By Emily Folk
Working in agriculture means you live your life by the weather. You need moisture to grow crops and hydrate animals. If it’s too hot or too cold, the crops and animals will suffer, so the hope is the weather will stay just right. However, since we don’t live in a perfect world, farms are often hit with adverse weather.
While storms are often detrimental and cause damage, there are ways to stay ready for the worst. Below are some tips to ensure that you keep your farm prepared for hurricane season.
1. Maintain Your Farm Buildings
Throughout the year, check your home, barn and other outbuildings for any signs of disrepair. If you have loose boards or shingles, repair them so that they don’t become flying hazards during a storm. These can cause serious injury, but they can also let water into the building that can cause flooding or other damage.
You’ll also need to make sure all buildings are structurally sound and won’t blow over in high winds. This is a potentially deadly issue. If there are problems, take the time to correct them, so disaster doesn't strike during a storm.
You’ll also need to keep extra nails, screws and boarding materials on hand to board up or repair buildings that get damaged in a storm. Keep these stored in an area where they will not become impacted by flooding or other weather conditions.
2. Keep a Supply of Emergency Fuel
A severe storm may cause you to lose power. Having a backup generator and an emergency supply of fuel will allow you to keep your farm up and running. It’s possible that you can save money by having emergency fuel preparation ready ahead of time. This will also ensure that you have the supply and amount you need to take care of your family, crops and livestock.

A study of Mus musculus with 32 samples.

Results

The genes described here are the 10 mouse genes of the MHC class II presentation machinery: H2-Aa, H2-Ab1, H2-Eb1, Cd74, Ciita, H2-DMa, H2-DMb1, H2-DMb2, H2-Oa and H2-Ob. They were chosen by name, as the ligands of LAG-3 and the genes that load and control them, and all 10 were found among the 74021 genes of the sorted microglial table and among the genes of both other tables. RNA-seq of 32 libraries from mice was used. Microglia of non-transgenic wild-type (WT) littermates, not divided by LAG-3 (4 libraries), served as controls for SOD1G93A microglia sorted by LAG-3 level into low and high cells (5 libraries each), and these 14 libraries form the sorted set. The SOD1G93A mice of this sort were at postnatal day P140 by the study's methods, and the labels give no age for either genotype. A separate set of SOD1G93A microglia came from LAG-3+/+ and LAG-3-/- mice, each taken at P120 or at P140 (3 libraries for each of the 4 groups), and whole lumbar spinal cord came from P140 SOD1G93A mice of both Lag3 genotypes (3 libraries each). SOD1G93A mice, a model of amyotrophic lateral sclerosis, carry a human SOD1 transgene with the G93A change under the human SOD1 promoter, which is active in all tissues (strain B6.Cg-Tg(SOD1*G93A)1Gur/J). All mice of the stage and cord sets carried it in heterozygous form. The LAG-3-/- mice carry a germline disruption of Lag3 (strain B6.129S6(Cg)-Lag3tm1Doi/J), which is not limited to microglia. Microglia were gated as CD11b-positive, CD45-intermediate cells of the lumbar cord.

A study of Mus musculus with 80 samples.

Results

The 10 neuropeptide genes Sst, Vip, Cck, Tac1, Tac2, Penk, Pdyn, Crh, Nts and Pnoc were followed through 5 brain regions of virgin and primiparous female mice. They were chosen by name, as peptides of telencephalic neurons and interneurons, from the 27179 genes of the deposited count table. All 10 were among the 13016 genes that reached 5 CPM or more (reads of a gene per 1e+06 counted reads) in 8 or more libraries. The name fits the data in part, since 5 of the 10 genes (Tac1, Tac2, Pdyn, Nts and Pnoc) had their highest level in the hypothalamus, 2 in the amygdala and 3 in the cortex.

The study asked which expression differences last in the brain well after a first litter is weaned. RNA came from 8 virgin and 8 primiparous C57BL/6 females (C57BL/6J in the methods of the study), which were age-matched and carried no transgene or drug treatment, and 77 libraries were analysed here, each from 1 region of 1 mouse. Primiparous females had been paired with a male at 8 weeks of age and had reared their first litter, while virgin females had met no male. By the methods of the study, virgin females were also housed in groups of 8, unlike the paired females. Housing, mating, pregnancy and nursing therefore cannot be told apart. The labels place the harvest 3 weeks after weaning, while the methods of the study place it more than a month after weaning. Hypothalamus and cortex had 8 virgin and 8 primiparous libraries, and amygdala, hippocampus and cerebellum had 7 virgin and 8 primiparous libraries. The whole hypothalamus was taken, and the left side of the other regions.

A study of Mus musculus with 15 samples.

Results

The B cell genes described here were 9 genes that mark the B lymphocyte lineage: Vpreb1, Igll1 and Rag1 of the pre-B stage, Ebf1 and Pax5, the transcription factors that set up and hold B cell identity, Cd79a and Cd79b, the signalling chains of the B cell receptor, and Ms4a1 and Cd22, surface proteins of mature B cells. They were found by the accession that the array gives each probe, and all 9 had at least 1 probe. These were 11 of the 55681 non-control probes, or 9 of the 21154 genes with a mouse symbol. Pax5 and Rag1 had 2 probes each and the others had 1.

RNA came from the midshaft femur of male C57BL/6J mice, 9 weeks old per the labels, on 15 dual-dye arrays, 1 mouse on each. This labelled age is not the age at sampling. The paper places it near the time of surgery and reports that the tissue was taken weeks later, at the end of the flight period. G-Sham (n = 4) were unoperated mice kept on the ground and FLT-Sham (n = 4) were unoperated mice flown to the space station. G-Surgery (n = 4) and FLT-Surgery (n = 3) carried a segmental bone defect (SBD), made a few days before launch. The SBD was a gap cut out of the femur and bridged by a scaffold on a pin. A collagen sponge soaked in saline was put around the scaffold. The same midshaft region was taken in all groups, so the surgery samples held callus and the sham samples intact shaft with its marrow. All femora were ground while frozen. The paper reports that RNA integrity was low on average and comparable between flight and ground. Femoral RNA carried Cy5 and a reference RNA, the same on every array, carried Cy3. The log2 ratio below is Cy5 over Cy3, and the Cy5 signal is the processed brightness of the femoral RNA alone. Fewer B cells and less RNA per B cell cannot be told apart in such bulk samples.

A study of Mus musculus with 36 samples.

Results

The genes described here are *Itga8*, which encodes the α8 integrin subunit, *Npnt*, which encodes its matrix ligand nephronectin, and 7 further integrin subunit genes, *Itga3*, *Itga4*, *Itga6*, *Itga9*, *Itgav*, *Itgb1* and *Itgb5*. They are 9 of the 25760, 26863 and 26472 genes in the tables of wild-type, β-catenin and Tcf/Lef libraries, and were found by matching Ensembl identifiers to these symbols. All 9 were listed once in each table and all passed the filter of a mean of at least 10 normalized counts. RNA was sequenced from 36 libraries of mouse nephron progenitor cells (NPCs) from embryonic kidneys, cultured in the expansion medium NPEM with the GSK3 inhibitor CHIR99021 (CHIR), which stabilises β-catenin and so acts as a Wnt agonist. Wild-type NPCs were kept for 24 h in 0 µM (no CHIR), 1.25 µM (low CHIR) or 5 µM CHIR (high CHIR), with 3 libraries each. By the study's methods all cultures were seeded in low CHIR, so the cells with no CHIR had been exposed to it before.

3. Designate a Safe Place for You and Your Livestock
Your livelihood no doubt depends on having livestock, and keeping them safe and healthy during a storm is of utmost importance. If you have enough warning that a storm is approaching, get your animals to their safe place. If they are large creatures such as cows or horses, setting them loose in a pasture is your best option. Keep in mind that the area needs to be hilly, or have artificial hills added so that they can stay out of floods should they occur.
If you have chickens or smaller animals, they need to stay in a secure building. Make sure their enclosure is structurally sound and well-ventilated. Ensure that your animals have a fresh source of water so they don’t ingest contaminants that could make them sick or kill them.
During hurricanes, it’s essential that you and your family have a safe place to go to survive the storm. Make sure you also have a fresh supply of water and food that can’t get contaminated, blankets and candles, as well as extra batteries for your flashlights and radio.
4. Be Prepared for Injuries
Anything is possible during a hurricane, including injury — to you, your family and your animals. Make sure you have medications and a first aid kit to take care of any issues that might arise. After the storm has passed, you can ensure that all people and livestock are safe and uninjured.
Other ways to reduce the possibility of injury during a storm is to make sure your equipment is tied down or covered to prevent it from getting loose. After the storm, you’ll need to check your property for foreign objects, flooding, damaged buildings and fences and stray animals — including wildlife and livestock from other farms. Remove what you can and fix damages as soon as possible — especially to fences — to ensure that your animals don’t wander and remain safe.
Always Be Ready for an Emergency
Hurricanes and inclement weather are part of life. By being prepared and fully stocked with supplies, you can reduce the amount of damage that occurs to your property, crops and livestock and ready if an emergency arises.
Emily is a sustainability writer and avid gardener. You can read more of her work on her site, Conservation Folks, where she writes about helping tomorrow’s planet today.